The families of four young soldiers who died at the Deepcut barracks have campaigned for nearly two years to uncover the story behind the deaths.
The four recruits' families refused to accept they committed suicide
It was their refusal to accept the Army's version of events which first led to a police investigation into the mystery.
Allegations of bullying, cover-ups and withheld evidence have since been made, adding to the controversy.
Despite more inquiries, some of which have criticised the Ministry of Defence (MoD) and the Army, the parents' main demand for a public inquiry has so far been denied.
Geoff Gray, from Durham, Sean Benton, from Hastings, James Collinson, from Perth and Cheryl James, from Llangollen, north Wales, died from gunshot wounds at the Royal Logistics Corps HQ between 1995 and 2002.
Pte James' parents, Doreen and Des James, have said they believe their daughter suffered sexual harassment and violence.
A friend of Pte James, 18, said the young recruit had been forced into a sexual relationship.
Trevor Hunter, a former colleague of Sean Benton, 20, also came forward claiming he was an "easy target" for vicious verbal attacks and humiliating abuse.
Geoff and Diane Gray said their 17-year-old son loved the army and was tipped to become a supply controller.
"He had no girl problems, no money worries and, in fact, he could not have been at a better time in his life," they said.
The parents of James Collinson, 17, have also insisted he was happy and had no reason to take his life.
Allegations of bullying at the base have been dismissed
Forensic expert Frank Swann, hired by the families, said the fatal wounds were "highly unlikely" to have been self-inflicted.
However Surrey Police's 15-month investigation said no third party was involved when it concluded in September 2003.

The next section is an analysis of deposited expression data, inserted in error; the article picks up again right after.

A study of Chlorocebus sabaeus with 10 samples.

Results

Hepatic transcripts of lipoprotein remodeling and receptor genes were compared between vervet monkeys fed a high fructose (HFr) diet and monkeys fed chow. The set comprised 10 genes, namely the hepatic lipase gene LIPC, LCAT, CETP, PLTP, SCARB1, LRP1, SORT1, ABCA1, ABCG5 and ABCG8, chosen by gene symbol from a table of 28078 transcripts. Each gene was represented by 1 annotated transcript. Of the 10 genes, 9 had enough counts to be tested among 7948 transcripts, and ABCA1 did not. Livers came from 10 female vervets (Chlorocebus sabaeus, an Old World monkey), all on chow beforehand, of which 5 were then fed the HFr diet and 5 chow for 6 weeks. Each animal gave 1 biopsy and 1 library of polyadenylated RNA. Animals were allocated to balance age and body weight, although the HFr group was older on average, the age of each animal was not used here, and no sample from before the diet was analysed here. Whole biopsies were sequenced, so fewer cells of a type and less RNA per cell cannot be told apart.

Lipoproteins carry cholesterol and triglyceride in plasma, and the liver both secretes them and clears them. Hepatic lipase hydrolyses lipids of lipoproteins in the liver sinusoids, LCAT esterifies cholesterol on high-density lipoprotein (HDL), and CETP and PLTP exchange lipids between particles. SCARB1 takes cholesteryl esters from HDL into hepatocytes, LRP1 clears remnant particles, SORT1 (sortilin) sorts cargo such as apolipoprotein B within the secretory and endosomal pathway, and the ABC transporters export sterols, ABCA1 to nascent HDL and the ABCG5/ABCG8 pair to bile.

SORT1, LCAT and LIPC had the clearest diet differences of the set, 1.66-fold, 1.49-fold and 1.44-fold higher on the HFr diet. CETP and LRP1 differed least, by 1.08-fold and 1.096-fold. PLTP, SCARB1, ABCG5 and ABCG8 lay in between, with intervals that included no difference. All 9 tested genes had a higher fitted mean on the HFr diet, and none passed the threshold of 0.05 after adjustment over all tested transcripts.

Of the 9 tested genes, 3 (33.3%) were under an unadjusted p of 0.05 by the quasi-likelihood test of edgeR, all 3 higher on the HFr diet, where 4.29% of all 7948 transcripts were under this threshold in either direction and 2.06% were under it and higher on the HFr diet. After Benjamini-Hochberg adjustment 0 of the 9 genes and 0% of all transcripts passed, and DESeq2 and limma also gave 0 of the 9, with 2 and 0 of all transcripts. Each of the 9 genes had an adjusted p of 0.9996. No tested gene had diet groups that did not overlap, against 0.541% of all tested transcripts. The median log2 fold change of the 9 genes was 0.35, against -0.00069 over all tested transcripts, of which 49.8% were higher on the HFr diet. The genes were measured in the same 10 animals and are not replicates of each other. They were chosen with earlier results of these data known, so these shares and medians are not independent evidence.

But detectives also said no evidence had emerged which could lead to prosecutions over the deaths.
The MoD said the four soldiers committed suicide and claims of bullying at the base have been dismissed.
In August 2002 the Army admitted it had destroyed some potentially important evidence relating to three deaths at the barracks.
It said bloodied uniforms were discarded because there was no indication detectives would re-investigate the case.
An "in-depth reappraisal" of training procedures in the armed forces was also ordered.
Armed Forces Minister Adam Ingram said there had been an appropriate response to the affair.
Speaking in September 2003, he insisted: "I don't minimise for one moment the fact that there have been four tragic deaths, but these deaths have taken place over seven years.
"During that time many many thousands of young recruits have gone through our training programme.
"If it was flawed and broken then we would not have a professional armed force in this country."
However the families' campaign was bolstered by the deputy chief constable of Surrey Police's calls for a "broader inquiry" to prevent future tragedies.
And last year they formed a pressure group to continue their fight for "truth, justice and change" with other families of soldiers who have died in non-combat situations in the past nine years.